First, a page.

Nikki-Anne Wilson

Postdoctoral Research Fellow
NeuRA: Neuroscience Research Australia

Sydney, NSW

Contact me for

  • Mentoring
  • Sitting on boards or committees
  • Providing an expert opinion
  • Outreach activities
  • Conference presenting
  • Opportunities to collaborate

Biography

Nikki-Anne completed her undergraduate studies in psychology at Deakin University, Victoria, Australia for which she was awarded the School of Psychology Head of School award for achieving first in her cohort and nominated for the Alfred Deakin University Medal. Following this, she was awarded first class psychology honours at Macquarie University, Sydney, Australia. In addition to receiving an Australian Postgraduate Award for her PhD studies, Nikki-Anne was awarded a prestigious Research Excellence Scholarship for being ranked within the top 10% of all higher degree research students.

Recently submitting her PhD as part of the FRONTIER dementia research group based at the Brain and Mind Centre, The University of Sydney, Nikki-Anne's PhD research examined how the breakdown of memory and cognition in behavioural variant frontotemporal dementia (bvFTD) relate to the social and behavioural challenges associated with this disorder. Her research has been published in several high-ranking journals and she has presented her findings at both national and international conferences.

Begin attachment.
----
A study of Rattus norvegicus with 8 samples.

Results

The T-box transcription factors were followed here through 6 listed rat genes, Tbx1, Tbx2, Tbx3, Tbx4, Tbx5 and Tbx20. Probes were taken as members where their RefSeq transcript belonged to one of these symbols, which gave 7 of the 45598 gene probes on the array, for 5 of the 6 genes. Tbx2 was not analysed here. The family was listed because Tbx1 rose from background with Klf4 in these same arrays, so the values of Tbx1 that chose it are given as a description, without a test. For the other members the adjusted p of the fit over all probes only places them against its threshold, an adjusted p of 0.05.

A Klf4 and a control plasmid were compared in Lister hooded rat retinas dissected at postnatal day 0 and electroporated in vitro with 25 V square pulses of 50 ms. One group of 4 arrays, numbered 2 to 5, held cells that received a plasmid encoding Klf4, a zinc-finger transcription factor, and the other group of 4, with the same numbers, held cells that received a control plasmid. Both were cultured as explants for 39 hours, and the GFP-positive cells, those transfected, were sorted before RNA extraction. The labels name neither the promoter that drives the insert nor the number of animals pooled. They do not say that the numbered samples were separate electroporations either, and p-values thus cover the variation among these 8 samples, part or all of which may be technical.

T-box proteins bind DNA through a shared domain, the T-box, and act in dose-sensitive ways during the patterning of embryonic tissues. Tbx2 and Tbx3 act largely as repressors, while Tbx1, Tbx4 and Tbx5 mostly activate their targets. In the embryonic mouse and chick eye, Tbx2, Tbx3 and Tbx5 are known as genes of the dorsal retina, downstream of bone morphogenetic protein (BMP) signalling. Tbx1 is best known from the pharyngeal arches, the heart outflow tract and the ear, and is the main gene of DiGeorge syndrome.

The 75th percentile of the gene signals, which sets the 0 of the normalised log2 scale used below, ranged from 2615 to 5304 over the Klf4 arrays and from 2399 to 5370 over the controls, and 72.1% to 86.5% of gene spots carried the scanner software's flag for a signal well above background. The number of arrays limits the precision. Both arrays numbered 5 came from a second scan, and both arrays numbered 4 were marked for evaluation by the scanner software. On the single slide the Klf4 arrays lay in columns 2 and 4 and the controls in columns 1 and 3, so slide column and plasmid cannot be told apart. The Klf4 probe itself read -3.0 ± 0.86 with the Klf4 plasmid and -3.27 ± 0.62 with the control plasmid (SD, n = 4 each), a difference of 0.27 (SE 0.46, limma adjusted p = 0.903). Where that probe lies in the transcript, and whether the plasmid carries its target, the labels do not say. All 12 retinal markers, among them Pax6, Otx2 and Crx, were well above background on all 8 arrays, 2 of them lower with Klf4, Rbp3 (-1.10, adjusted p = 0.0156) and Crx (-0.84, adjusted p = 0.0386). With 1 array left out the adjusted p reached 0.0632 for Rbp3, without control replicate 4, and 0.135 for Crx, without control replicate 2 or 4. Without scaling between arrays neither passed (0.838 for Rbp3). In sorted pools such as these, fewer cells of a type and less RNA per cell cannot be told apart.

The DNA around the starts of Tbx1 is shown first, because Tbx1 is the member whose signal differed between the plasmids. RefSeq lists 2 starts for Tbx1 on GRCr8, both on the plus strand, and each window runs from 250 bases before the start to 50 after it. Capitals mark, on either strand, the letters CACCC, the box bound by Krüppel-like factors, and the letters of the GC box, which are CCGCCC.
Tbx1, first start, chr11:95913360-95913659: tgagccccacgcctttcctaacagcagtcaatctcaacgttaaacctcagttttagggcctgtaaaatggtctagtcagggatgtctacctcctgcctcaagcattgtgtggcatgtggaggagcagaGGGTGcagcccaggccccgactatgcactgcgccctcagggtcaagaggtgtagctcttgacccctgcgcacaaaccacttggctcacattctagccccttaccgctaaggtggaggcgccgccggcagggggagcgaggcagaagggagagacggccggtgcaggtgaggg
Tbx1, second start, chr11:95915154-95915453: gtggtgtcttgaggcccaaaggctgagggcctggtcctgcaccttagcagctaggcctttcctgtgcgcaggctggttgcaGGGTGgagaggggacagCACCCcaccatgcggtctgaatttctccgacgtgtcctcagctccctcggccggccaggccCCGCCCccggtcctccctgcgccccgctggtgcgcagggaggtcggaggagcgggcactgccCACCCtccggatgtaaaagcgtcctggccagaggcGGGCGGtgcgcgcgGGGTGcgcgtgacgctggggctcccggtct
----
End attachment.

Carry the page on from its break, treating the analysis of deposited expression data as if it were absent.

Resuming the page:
Nikki-Anne's skills in cognitive neuroscience and neuropsychology align with her passion to improve  clinical outcomes and the lived experience for people with dementia. The impact from her research is evident from being awarded a Brain and Mind Centre Award for Research Excellence during her PhD candidature, an award open to early career researchers up to 10 years post PhD. 

A passionate science communicator and regular speaker at science outreach events, Nikki-Anne also enjoys participating in school mentoring programmes aiming to encourage students to pursue science related careers and develop research skills. 

Nikki-Anne's broad research interests include exploring sensory function and hallucinations in dementia; improving understanding of the cognitive processes which support social and everyday function; and developing programmes which harness an individual’s strengths in order to aid independence.

 


Nikki-Anne identifies as having a disability.